With the outbreak of the Coronavirus, it has brought back many memories of when I was teaching at a university in China in 2003. If you recall, that was when SARS broke out. I am going to share a photograph with you from the end of the SARS outbreak.
People were truly frightened by SARS, and rightfully so. For anyone who hasn’t been to China and witnessed the population density, well, you just can’t imagine how many people live in close proximity to one another. That is how a virus can spread so quickly in China.
To help you understand, I will share with you what the director of the special needs orphanage told me when she shared with me that the main thing she wanted when we remodeled the kitchen was a dishwasher. Believe me, there were several pressing needs to be addressed when we remodeled the kitchen; but she told me that the reason she wanted a dishwasher so badly was that, when one child got sick, they all got sick. She had no way to sterilize the dishes, so what she told me made perfect sense! Does that help you understand how quickly a virus can spread in China?
At the university, I truly felt sorry for the freshmen. They were all at a different campus outside of town, and nobody was allowed to leave. So, these were 18 year old students away from home for the first time, and they couldn’t go home or leave the campus. For me, if I wanted to leave the campus, which was in the city, I had to wear a badge; and I had to wear the badge to return to the campus. Honestly, back then the air quality was so ugly that many people were wearing masks before the SARS virus infected so many people. The university did all they could to protect everyone. The classrooms, offices, and apartments for the teachers were all sprayed with a liquid designed to kill germs. I think the local TV station sent a crew to film this, so everyone would know the government was doing all it could, and so the parents of the students could have fewer worries.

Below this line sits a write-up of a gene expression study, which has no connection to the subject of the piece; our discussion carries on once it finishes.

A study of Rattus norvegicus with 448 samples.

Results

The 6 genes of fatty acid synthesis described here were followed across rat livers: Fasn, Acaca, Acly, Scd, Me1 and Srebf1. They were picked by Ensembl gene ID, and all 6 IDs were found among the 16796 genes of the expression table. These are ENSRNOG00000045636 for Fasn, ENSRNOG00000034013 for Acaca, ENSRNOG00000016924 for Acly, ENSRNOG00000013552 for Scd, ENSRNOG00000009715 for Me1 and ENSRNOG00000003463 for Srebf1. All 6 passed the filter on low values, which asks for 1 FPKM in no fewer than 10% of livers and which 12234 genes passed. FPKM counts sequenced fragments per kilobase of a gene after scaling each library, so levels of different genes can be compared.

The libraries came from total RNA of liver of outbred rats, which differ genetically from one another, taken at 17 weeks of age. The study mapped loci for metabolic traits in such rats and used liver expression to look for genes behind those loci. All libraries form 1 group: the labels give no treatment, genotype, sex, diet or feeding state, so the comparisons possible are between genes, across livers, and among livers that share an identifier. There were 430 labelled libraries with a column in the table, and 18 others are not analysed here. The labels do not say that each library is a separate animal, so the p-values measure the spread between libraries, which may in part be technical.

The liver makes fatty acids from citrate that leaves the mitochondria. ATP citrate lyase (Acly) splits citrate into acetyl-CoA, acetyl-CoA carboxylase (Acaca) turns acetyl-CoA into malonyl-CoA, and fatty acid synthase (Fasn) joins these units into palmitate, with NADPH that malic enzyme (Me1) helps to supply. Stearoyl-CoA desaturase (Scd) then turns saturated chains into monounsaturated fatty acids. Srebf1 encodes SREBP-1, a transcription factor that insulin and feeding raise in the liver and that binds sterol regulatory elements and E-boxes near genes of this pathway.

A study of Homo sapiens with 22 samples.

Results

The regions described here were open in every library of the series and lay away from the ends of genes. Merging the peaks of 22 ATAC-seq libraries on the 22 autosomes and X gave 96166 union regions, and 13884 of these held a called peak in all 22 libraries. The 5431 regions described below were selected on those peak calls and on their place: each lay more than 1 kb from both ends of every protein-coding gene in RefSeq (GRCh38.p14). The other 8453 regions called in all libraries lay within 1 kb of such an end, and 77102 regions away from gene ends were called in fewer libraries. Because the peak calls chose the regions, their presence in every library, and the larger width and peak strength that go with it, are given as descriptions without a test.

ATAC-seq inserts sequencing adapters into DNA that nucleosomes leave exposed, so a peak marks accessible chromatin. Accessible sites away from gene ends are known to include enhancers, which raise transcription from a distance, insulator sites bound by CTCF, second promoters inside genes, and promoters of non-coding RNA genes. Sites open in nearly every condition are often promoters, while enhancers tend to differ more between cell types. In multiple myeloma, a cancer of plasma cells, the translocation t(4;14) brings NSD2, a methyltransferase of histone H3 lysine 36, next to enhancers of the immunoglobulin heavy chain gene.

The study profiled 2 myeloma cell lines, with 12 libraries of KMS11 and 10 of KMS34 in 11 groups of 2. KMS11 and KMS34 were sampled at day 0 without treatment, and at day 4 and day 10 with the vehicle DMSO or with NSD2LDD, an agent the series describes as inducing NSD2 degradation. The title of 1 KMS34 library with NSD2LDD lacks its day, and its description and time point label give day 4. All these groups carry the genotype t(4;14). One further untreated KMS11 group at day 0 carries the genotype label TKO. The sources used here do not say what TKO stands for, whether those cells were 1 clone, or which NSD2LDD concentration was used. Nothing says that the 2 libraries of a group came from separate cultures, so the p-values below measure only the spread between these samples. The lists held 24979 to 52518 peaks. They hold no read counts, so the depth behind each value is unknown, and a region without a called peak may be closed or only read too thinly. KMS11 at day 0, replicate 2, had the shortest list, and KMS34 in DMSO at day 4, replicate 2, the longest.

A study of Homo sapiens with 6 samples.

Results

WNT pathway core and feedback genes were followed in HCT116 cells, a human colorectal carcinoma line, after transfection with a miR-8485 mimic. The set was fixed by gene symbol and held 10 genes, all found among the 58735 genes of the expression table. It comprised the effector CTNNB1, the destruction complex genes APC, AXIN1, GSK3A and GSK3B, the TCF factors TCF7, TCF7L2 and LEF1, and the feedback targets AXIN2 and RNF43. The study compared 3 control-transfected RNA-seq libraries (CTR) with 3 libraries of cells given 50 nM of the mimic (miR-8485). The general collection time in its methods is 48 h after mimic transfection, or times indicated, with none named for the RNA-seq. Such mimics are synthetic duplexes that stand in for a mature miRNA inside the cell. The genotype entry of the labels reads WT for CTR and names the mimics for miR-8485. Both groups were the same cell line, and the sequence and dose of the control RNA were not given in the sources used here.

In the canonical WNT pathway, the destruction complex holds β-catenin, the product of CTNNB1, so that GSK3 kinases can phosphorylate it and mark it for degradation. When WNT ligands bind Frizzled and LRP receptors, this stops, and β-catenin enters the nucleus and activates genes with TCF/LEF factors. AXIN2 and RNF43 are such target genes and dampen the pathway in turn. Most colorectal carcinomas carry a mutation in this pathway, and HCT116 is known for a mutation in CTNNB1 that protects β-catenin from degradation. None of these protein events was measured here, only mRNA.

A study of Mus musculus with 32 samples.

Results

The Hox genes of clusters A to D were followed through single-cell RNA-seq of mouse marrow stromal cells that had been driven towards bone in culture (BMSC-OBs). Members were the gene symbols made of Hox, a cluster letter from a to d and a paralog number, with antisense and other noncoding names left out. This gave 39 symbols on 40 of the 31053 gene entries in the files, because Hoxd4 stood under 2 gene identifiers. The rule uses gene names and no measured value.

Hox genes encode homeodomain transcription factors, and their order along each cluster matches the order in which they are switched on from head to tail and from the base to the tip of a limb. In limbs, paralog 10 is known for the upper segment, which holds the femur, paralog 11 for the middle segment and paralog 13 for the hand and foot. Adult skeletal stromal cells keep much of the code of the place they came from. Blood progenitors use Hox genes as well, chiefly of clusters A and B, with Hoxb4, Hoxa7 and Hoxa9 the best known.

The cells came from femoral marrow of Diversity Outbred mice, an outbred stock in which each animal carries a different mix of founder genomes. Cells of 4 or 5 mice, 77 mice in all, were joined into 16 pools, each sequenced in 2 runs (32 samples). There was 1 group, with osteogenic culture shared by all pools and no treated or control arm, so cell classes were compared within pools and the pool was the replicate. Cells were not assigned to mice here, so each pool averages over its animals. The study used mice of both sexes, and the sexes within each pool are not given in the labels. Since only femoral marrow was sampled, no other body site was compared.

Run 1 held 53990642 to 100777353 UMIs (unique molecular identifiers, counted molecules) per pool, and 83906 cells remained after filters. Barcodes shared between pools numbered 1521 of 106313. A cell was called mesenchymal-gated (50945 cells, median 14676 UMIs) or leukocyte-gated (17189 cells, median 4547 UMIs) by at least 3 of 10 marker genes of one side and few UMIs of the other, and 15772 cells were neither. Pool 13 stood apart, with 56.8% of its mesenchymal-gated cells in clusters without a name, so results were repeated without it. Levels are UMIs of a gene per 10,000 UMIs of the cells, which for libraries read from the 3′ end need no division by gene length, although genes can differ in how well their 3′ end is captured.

When the semester was over, which ended a week early because a holiday had been canceled due to the travel restrictions, I took a bus from my small city to Shanghai. Before we left the small city, our temperature was taken. A Chinese cardiologist was sitting near me who spoke English very well, and I became very thankful for him. As we approached Shanghai, the bus pulled off the road by a large tent. The doctor told me we were going to walk through the tent and have our temperature taken. At the end of the tent was a large opening, and if we were told to go to the left, that meant we didn’t have a temperature and we could get back on the bus. If we were told to go to the right, that meant we had a temperature, and we would be taken to some unknown location for at least 2 weeks, and nobody would be able to communicate with us. Yes, that got my attention, and I knew I didn’t want to be put into a quarantine facility!
I am thankful to say that I survived SARS! Hopefully this story will help you to have compassion for those in the Coronavirus prone areas. Please remember the population density is a huge factor there, and like my friend said — if one child gets sick, they all get sick!